Last week, Google held its Google for Africa event led by CEO Sundar Pichai, which focused on expanding technology and entrepreneurship support on the continent. The company began expanding operations to Africa fourteen years ago, and in this announcement have committed an additional $1B to develop digital connectivity and investments in startups over the next five years. The announcement included three key areas the company will continue to focus on: connectivity, startup investment, and non-profit support.
First is Google’s initiative on digital infrastructure through a subsea cable, which isn’t necessarily a new development (as I wrote about here) but is still a focus of the $1B commitment. First announced in 2019, Equiano (as the cable is named) will connect the continent to Europe and provide 20x more network capacity than current cables serving the continent. Google estimates that the project will decrease connectivity costs in Africa by 21%, increase speeds across the continent, and create 1.7M new jobs over the next five years as the digital economy grows in the region.
In addition to building the foundation for internet connectivity, Google announced a partnership with Safaricom to launch a “device financing plan” for first-time smartphone users in Kenya, giving more people access to devices to connect to the internet. The plan is one of the first in the country, where few financing options are available and will expand across the continent through partnerships with other mobile carriers such as Airtel, Orange, and Vodacom.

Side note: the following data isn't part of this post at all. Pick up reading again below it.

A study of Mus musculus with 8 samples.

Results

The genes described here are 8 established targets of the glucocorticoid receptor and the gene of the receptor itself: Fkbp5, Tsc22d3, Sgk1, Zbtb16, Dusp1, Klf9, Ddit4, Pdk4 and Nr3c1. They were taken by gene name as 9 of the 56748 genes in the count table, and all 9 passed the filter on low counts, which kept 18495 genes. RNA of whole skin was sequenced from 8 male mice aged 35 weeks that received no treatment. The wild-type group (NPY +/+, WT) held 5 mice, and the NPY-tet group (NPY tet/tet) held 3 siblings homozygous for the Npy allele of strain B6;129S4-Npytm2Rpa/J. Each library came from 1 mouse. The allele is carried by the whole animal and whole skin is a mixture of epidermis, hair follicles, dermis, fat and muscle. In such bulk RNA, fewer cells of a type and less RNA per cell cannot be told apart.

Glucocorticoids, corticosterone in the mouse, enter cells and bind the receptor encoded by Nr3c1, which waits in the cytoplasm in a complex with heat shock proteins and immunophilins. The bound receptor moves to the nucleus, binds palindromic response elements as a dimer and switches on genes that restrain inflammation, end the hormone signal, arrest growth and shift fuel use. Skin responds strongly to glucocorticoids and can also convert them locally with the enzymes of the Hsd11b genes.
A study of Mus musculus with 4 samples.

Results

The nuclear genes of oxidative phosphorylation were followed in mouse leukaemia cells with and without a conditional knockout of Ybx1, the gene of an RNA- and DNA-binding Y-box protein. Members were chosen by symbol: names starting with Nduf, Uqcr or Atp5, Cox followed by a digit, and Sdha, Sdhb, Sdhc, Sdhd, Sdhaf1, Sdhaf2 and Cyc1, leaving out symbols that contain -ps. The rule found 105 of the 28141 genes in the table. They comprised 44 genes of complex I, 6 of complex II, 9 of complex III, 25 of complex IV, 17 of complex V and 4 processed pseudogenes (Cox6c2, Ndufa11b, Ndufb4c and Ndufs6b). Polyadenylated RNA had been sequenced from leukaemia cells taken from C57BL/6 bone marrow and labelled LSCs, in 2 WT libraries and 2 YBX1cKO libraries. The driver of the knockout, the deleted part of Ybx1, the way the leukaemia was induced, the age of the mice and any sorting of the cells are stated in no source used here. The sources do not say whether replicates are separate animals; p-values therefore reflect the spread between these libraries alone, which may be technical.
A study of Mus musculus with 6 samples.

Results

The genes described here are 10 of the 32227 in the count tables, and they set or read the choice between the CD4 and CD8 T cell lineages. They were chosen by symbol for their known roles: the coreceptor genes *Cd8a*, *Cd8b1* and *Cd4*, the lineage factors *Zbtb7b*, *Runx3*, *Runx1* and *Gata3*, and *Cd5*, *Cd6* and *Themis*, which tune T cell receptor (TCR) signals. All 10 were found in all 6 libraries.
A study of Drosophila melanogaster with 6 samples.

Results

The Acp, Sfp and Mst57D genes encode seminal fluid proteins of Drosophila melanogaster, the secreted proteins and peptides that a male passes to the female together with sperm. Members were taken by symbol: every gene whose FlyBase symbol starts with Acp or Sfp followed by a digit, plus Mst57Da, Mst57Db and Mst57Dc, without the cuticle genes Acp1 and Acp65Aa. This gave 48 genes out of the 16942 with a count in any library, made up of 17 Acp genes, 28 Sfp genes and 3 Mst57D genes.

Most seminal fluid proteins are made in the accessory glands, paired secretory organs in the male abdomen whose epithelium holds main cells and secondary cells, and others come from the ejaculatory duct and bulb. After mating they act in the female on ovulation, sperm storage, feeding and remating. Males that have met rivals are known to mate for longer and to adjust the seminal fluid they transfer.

From a venture capital and startup perspective, infrastructure is the foundation needed to drive innovation in an ecosystem. Bringing more affordable access to the internet allows for more users, a larger marketplace, and more business opportunities. On the flipside, connectivity also gives more access to education and digital skills training, breeding more entrepreneurs to tackle those opportunities.
Google also announced initiatives to invest in startups in Africa directly through equity investments and grants. The company announced a $50M Africa Investment Fund focused on providing traditional venture capital investments to early- and growth-stage startups, expanding on its active accelerator program in the region. The fund will be vertical-agnostic and vary in check size and equity for each investment.
The company also highlighted its $3M Black Founders Fund (also active in the U.S. and Europe) specifically for Africa. The fund, announced in June this year, provides equity-free investment to black entrepreneurs. Google announced that 50 entrepreneurs would be receiving funding from this particular vehicle, along with credits for various services such as Google Ads and Google Cloud. The startups also get access to Google’s network for mentors and experts. The company will partner with Africa-focused Co-Creation Hub to distribute funding to the various companies.
Beyond equity and grants, Google announced a collaboration with non-profit Kiva to support small businesses with $10M in interest-free loans focusing specifically on hardships created by Covid-19. The partnership will provide loans to entrepreneurs in Ghana, Kenya, Nigeria, and South Africa. As if that wasn’t enough, Google also announced support for non-profits in the country. Google.org will expand commitments with $40M to organizations improving lives across the continent.
So that was a lot of stuff! Africa currently has 300M people online today, and estimates are that number will double over the next five years. The exploding market receives much attention from other international investors and companies, from institutions like SoftBank and Tiger Global to strategic tech investors like Alibaba and Stripe. Google wants in on the action.